Though I have not read or watched everything the Sherlock world has to offer, I am fond of smart people who are good at their job, so the consulting detective’s universe is interesting to me. Between those characters and enjoying Anthony Horowitz’s work on Foyle’s War, I wanted to like Moriarty a lot more than I did.
Taking place shortly after Sherlock Holmes and Professor Moriarty’s “deaths” at Reichenbach Falls, private detective Agent Frederick Chase arrives from New York and soon meets up with Scotland Yard Inspector Altheney Jones. Jones was previously mentioned in the Conan Doyle story “The Sign of Four” as a side character, but here he is center stage. Presented through the perspective of Chase, the two easily fall into a Holmes-Watson working relationship. Jones has studied Holmes’ methods intensively, and now he’s itching to show off those skills.
Chase says he is there to investigate a new criminal “mastermind,” Clarence Devereux, who appeared to have made contact with Moriarty before his death. Starting from a coded letter, he and Jones begin in Switzerland, but quickly travel back to London. Soon, the death of a Devereux associate and his family has them wondering if Moriarty and Devereux were actually jockeying for power.
“Could Moriarty have done this?” I asked.
“Moriarty is dead.”
“He may have associates, fellow criminals, members of his gang. You saw the way Lavelle was killed, Inspector Jones. The way I see it, it’s nothing less than a message, written in blood, perhaps sent as a warning.”
Jones thought for a moment. “You told me that Moriarty and Devereux planned to meet, to create a criminal association …”
“But they never did meet. We know that from the coded message we found in Meiringen. As far as we can tell, they had no business together, so why would one wish to kill the other?”
“Perhaps Devereux had something to do with what happened at Reichenbach Falls.”
Jones shook his head wearily. “At the moment, nothing makes sense. I need time to reflect and clear my thoughts. But that will not happen here. For now, we must search the house and see what secrets, if any, the various rooms may reveal.”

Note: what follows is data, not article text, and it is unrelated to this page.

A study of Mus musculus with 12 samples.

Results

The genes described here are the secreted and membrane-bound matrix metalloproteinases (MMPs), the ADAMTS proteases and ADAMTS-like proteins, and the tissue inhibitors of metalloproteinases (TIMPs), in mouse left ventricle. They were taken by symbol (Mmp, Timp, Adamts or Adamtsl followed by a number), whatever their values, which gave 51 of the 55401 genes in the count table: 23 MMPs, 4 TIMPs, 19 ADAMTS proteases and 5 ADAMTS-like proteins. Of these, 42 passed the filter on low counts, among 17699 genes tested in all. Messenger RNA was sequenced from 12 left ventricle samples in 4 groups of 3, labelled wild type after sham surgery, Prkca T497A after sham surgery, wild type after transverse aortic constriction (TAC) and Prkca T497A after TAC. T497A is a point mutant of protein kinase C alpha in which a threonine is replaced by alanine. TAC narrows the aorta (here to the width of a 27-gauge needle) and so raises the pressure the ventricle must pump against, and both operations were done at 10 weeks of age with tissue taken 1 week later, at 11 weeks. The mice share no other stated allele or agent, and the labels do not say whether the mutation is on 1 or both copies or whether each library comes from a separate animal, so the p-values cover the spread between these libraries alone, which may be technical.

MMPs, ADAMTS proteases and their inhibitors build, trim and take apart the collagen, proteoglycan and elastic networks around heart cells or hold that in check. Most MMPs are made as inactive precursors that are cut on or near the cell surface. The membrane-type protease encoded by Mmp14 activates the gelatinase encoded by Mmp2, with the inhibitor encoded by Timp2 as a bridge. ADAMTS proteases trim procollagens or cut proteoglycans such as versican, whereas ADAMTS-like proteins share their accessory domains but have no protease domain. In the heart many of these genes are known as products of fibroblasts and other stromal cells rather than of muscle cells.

Inspectors Lestrade and Gregson are peripherally involved in the case as well, though they are unsure that Devereux exists, and they are of mixed feelings about no longer having Sherlock Holmes’ assistance. As far as Agent Chase goes, they begrudgingly accept his help. They want to investigate the Lavelle murders, and they do not want any gang to have as much reach as Moriarty did.
Written much in the style of the Arthur Conan Doyle stories, Horowitz does not modernize the time in which the book takes place. We still have carriages as transport, disguises used as investigation methods, and oft-ignored science (unless, of course, Jones utilizes it). Chase’s voice alternates between confident and reserved. When talking about his background, he’s a bit of a humble-braggart, but once they get into the case, he is mainly content to ask questions and express astonishment. Everyone else does most of the talking, and honestly, most of the work.
The why of this backseat narrative is only explained at the very end, which I will not spoil except to say the following: early on in the book, I had an inkling that the story would shake out a certain way, but I immediately dismissed it because it seemed too obvious. It was a “twist” that had been overdone in so many mysteries before that I thought, Well, this must be something different. Has to be.
No. There was no twisting the twist. Maybe that was the point — to truly have an 1800s-era resolution that would have been more surprising at the time — but instead I felt somewhat cheated. We have about 250 pages of a decent mystery, and then the last thirty pages or so had me going, Really? Really?! (a la Seth and Amy).
I’m sure the argument could be made that this is some sort of meta-commentary on the nature of Sherlock stories in general, but I’m not educated enough on the subject to make it. Or maybe it’s just a shite twist; I don’t know. Others might find Moriarty more satisfying than I did, but in the end, it just wasn’t for me.
Full Disclosure: HarperCollins sent me an advanced review copy, so my pull quote may differ slightly from the finished version. I thank them for the gesture, and I will continue to be fair with my reviews.